Negative room pressure is an isolation technique used in hospitals and medical centers to prevent cross-contamination from room to room.[1][2] It includes a ventilation that generates negative pressure (pressure lower than that of the surroundings) to allow air to flow into the isolation room but not escape from the room, as air will naturally flow from areas with higher pressure to areas with lower pressure, thereby preventing contaminated air from escaping the room. This technique is used to isolate patients with airborne contagious diseases such as: influenza (flu), measles, chickenpox, tuberculosis (TB), severe acute respiratory syndrome (SARS-CoV), Middle East respiratory syndrome (MERS-CoV), and coronavirus disease 2019 (COVID-19).[3][4]


Inside view of a negative pressure isolation chamber for patients with contagious diseases.
Schematic of a network of rooms where air (shown in blue) flows in one direction from the corridor into the negative pressure room (green). Exhaust air is safely removed from the area through a ventilation system.

Negative pressure is generated and maintained in a room by a ventilation system that continually attempts to move air out of the room. Replacement air is allowed into the room through a gap under the door (typically about one half-inch high). Except for this gap, the room is as airtight as possible, allowing little air in through cracks and gaps, such as those around windows, light fixtures and electrical outlets. Leakage from these sources can make it more difficult and less energy efficient to maintain room negative pressure.[1]

Because generally there are components of the exhausted air such as chemical contaminants, microorganisms, or radioactive isotopes that would be unacceptable to release into the surrounding outdoor environment, the air outlet must, at a minimum, be located such that it will not expose people or other occupied spaces. Commonly it is exhausted out of the roof of the building. However, in some cases, such as with highly infectious microorganisms in biosafety level 4 rooms, the air must first be mechanically filtered or disinfected by ultraviolet irradiation or chemical means before being released to the surrounding outdoor environment. In the case of nuclear facilities, the air is monitored for the presence of radioactive isotopes and usually filtered before being exhausted through a tall exhaust duct to be released higher in the air away from occupied spaces.[citation needed]

Monitoring and guidelines[edit]

In 2003, the CDC published guidelines on infection control, which included recommendations regarding negative pressure isolation rooms.[5] Still absent from the CDC are recommendations of acute negative pressure isolation room monitoring. This has led to hospitals developing their own policies, such as the Cleveland Clinic. Commonly used methods for acute monitoring include the smoke or tissue test and periodic (noncontinuous) or continuous electronic pressure monitoring.

Smoke/tissue test[edit]

This test uses smoke or tissue paper to assess room pressurization. A capsule of smoke or a tissue is placed near the bottom of the door, if the smoke or tissue is pulled under the door, the room is negatively pressurized. The advantages of this test are that it is cost efficient and easily performed by hospital staff. The disadvantages are that it is not a continuous test and that it does not measure magnitude. Without a measure for magnitude, isolation rooms may be under- or over-pressurized, even though the smoke/tissue test is positive. A 1994 CDC recommendation stated TB isolation rooms should be checked daily for negative pressure while being used for TB isolation. If these rooms are not being used for patients who have suspected or confirmed TB but potentially could be used for such patients, the negative pressure in the rooms should be checked monthly.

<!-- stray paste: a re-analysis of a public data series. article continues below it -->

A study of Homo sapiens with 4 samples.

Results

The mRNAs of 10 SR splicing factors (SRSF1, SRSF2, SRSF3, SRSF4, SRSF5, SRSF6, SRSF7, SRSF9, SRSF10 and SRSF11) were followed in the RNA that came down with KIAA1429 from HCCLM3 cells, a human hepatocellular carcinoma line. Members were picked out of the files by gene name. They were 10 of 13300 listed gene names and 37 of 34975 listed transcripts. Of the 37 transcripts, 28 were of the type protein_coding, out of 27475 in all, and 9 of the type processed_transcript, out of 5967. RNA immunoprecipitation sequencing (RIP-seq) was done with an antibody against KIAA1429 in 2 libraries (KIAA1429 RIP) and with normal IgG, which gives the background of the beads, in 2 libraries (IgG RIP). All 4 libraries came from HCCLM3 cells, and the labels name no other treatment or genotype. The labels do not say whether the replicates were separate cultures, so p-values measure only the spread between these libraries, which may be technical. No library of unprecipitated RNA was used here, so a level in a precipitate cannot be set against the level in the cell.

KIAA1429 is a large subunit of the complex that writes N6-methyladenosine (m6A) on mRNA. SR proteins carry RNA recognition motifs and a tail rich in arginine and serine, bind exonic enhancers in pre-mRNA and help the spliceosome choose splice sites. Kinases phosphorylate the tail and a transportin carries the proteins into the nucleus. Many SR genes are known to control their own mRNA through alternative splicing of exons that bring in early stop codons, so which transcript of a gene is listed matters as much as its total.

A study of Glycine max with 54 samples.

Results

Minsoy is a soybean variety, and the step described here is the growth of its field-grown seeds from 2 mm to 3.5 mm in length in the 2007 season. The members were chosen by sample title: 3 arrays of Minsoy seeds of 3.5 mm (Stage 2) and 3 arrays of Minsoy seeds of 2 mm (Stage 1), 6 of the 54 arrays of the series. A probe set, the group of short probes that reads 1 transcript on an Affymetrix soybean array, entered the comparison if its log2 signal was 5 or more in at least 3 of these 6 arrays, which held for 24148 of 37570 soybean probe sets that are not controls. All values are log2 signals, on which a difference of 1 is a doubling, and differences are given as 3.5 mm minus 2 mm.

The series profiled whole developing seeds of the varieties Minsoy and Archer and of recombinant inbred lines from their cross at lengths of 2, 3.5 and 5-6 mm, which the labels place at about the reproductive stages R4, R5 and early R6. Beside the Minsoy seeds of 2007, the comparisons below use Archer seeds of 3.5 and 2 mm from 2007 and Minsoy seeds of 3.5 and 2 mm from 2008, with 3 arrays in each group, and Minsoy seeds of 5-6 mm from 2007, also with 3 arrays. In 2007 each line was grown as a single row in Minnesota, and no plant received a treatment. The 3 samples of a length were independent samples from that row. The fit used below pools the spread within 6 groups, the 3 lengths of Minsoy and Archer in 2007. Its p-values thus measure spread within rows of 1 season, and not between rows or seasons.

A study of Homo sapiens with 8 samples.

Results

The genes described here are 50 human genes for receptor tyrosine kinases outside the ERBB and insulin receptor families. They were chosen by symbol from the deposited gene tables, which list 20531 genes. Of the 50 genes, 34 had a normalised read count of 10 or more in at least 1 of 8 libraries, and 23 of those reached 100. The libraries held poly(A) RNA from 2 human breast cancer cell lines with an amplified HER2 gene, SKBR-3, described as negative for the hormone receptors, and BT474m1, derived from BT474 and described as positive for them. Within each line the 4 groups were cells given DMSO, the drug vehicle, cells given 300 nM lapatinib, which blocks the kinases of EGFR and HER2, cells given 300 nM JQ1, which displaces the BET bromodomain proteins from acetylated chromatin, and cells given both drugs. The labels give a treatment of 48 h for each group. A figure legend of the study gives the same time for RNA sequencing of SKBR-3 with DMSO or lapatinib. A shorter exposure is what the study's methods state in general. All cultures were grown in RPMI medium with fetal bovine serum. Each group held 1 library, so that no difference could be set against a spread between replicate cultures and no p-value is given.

Continuous electronic pressure monitoring[edit]

This test uses an electronic device with a pressure port in the isolation room and an isolation port in the corridor to continuously monitor the pressure differential between the spaces. The advantages of this type of monitoring are that the test is continuous and an alarm will alert staff to undesirable pressure changes. The disadvantages of this monitoring are that pressure ports can become contaminated with particulates which can lead to inaccuracy and false alarms, the devices are expensive to purchase and install, and staff must be trained to use and calibrate these devices because the pressure differentials used to achieve the low negative pressure necessitate the use of very sensitive mechanical devices, electronic devices, or pressure gauges to ensure accurate measurements.

See also[edit]


  1. ^ a b Negative Room Pressure to Prevent Cross-Contamination, Clean Air Solutions, Camil Farr, Archived 2016-03-10 at the Wayback MachineRetrieved 2010-03-10.
  2. ^ Isolation Rooms & Pressurization Control Archived 2010-03-04 at the Wayback Machine, Penn State Department of Architectural Engineering, © 2008 The Pennsylvania State University. Retrieved 2010-03-10.[dead link]
  3. ^ Negative Pressure Isolation Rooms & Tuberculosis (TB) Isolation Rooms, AirMont Inc. Retrieved 2010-03-10. Archived 2014-01-17 at the Wayback Machine
  4. ^ Hoffman, P. N.; Weinbren, M. J.; Stuart, S. A. (2004). "A practical lesson in negative-pressure isolation ventilation". The Journal of Hospital Infection. 57 (4): 345–6. doi:10.1016/j.jhin.2004.04.013. PMID 15262397.
  5. ^ CDC, Centers for Disease Control and Prevention (2003). "Guidelines for Environmental Infection Control in Health-Care Facilities". Retrieved 17 April 2020.